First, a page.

Bosk’s fringe-toed lizard (Acanthodactylus boskianus)

Also known as: Bosc’s fringe-toed lizard
Synonyms: Lacerta aspera, Lacerta boskiana, Lacerta longicauda, Scapteira inaequalis
KingdomAnimalia
PhylumChordata
ClassReptilia
OrderSquamata
FamilyLacertidae
GenusAcanthodactylus (1)
SizeMale length: 24.5 cm (2)
Female length: 20.5 cm (2)

Bosk's fringe-toed lizard has not yet been classified on the IUCN Red List.

In common with other lacertids, Bosk’s fringe-toed lizard (Acanthodactylus boskianus) has a long, cylindrical body and well developed legs (3). It is one of the largest Acanthodactylus species (2), a genus commonly referred to as the fringe-toed lacertids, owing to the presence of a series of scales on the fingers that provide traction for running over loose sand (3) (4). The general body colour of this species ranges from darkish or silvery grey, to yellow or reddish brown, with seven contrasting dark, brown longitudinal stripes that run the length of the back. With age, these stripes generally fade away or become grey in colour (2).

Bosk’s fringe-toed lizard is the most widespread of all species in the genus, with a distribution that encompasses a large portion of Northern Africa and extends into the Arabian Peninsula, Israel, Lebanon, Jordan, Iraq, Iran, Syria and Turkey (2) (5).

Occurs in arid regions, on open sand or clay ground, with vegetation or rocks for cover (2).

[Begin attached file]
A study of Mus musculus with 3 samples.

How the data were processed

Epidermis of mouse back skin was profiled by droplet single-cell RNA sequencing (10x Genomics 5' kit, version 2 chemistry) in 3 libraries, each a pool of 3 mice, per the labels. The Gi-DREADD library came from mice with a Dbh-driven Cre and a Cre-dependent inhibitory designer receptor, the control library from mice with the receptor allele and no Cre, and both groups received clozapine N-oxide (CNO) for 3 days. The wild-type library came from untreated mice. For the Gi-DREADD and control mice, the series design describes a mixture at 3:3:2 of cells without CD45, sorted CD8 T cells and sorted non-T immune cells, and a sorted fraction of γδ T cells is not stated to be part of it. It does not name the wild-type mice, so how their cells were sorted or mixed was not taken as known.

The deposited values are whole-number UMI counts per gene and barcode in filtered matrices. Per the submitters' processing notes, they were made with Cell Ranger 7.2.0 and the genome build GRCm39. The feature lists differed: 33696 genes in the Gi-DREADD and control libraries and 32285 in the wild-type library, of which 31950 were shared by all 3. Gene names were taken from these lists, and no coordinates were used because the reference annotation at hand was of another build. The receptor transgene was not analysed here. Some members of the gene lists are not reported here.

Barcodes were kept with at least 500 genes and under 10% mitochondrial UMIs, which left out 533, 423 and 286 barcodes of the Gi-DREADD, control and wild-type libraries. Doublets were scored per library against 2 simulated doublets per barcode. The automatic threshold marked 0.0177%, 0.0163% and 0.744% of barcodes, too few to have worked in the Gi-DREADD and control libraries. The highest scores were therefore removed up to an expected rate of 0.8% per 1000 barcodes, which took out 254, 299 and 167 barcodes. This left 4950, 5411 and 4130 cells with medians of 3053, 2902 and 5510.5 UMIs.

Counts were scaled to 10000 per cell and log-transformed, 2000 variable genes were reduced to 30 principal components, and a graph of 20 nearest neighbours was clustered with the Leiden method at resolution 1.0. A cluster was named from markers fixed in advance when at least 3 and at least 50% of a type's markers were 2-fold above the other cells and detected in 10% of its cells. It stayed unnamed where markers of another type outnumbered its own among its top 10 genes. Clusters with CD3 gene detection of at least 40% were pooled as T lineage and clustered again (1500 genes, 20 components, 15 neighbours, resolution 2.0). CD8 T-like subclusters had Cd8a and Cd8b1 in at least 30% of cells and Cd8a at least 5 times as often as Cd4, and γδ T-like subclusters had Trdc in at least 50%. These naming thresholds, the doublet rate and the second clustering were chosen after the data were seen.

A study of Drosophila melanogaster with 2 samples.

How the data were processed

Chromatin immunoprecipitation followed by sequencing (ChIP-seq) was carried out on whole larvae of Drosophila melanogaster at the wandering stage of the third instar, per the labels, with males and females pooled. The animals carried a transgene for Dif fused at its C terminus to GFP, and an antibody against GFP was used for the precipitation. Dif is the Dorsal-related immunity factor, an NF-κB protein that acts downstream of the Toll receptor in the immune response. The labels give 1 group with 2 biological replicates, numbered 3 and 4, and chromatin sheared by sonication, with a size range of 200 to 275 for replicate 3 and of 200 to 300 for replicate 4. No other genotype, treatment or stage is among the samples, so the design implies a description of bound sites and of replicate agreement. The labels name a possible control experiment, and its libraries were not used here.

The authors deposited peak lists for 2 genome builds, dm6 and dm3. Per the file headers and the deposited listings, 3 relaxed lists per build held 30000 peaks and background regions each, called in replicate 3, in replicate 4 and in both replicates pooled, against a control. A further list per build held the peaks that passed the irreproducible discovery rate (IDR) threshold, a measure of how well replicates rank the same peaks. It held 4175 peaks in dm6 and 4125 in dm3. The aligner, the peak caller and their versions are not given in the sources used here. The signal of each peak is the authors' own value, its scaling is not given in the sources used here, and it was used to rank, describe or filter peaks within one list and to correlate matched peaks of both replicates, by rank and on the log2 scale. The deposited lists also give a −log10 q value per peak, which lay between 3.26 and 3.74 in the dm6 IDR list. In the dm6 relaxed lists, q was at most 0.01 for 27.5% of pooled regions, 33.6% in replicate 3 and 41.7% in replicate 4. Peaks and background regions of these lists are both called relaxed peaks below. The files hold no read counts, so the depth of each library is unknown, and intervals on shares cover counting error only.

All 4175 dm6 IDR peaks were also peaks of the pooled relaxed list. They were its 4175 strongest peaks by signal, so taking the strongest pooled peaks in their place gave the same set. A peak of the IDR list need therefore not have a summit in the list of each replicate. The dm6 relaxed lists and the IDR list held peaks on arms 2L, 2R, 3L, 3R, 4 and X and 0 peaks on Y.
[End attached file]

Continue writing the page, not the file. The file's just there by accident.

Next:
Bosk’s fringe-toed lizard excavates burrows in hard sand, some of which are equipped with multiple entrances to allow quick retreats. These burrows not only provide protection from predators, but also act as a nightly resting place and as a refuge from periods of intense heat. A relatively late riser, this diurnal lizard generally emerges from its burrow around mid-morning. It is a voracious predator, with a diet that comprises a wide variety of insects and other invertebrates, from flies and beetles to grasshoppers and spiders. Generally, it will eat anything it can overwhelm and has even been observed taking a young gecko (2).

During courtship the male approaches the female with a bent neck, and then runs in semi-circles, whilst probing the female’s body with its tongue. If receptive, the female lies flat and lifts the base of the tail, allowing the male to make cloacal contact. The eggs are laid about two weeks after mating in a deep hole in moist ground, which is subsequently covered up. The eggs, which normally number from around two to seven in a clutch, remain buried for 89 to 100 days before hatching (2).

While the conservation status of Bosk’s fringe-toed lizard is yet to be assessed on the IUCN Red List, there are no known major threats to this species.

There are no known conservation measures in place for Bosk’s fringe-toed lizard.

Find out more about reptile conservation:

This information is awaiting authentication by a species expert, and will be updated as soon as possible. If you are able to help please contact:
arkive@wildscreen.org.uk

  1. Catalogue of Life: Annual Checklist (April, 2009)
    http://www.catalogueoflife.org
  2. Schleich, H.H., Kästle, W. and Kabisch, K. (1996) Amphibians and Reptiles of North Africa: Biology, Systematics, Field Guide. Koeltz Scientific Books, Koenigstein.
  3. Pianka, E.R. and Vitt, L.J. (2003) Lizards: Windows to the Evolution of Diversity. University of California Press, Berkeley.
  4. Halliday, T. and Adler, K. (2002) The New Encyclopedia of Reptiles and Amphibians. Oxford University Press, Oxford.
  5. Rastegar-Pouyani, N. (1999) First Record of the Lacertid Acanthodactylus boskianus (Sauria: Lacertidae) for Iran. Asiatic Herpetological Research, 8: 85-89.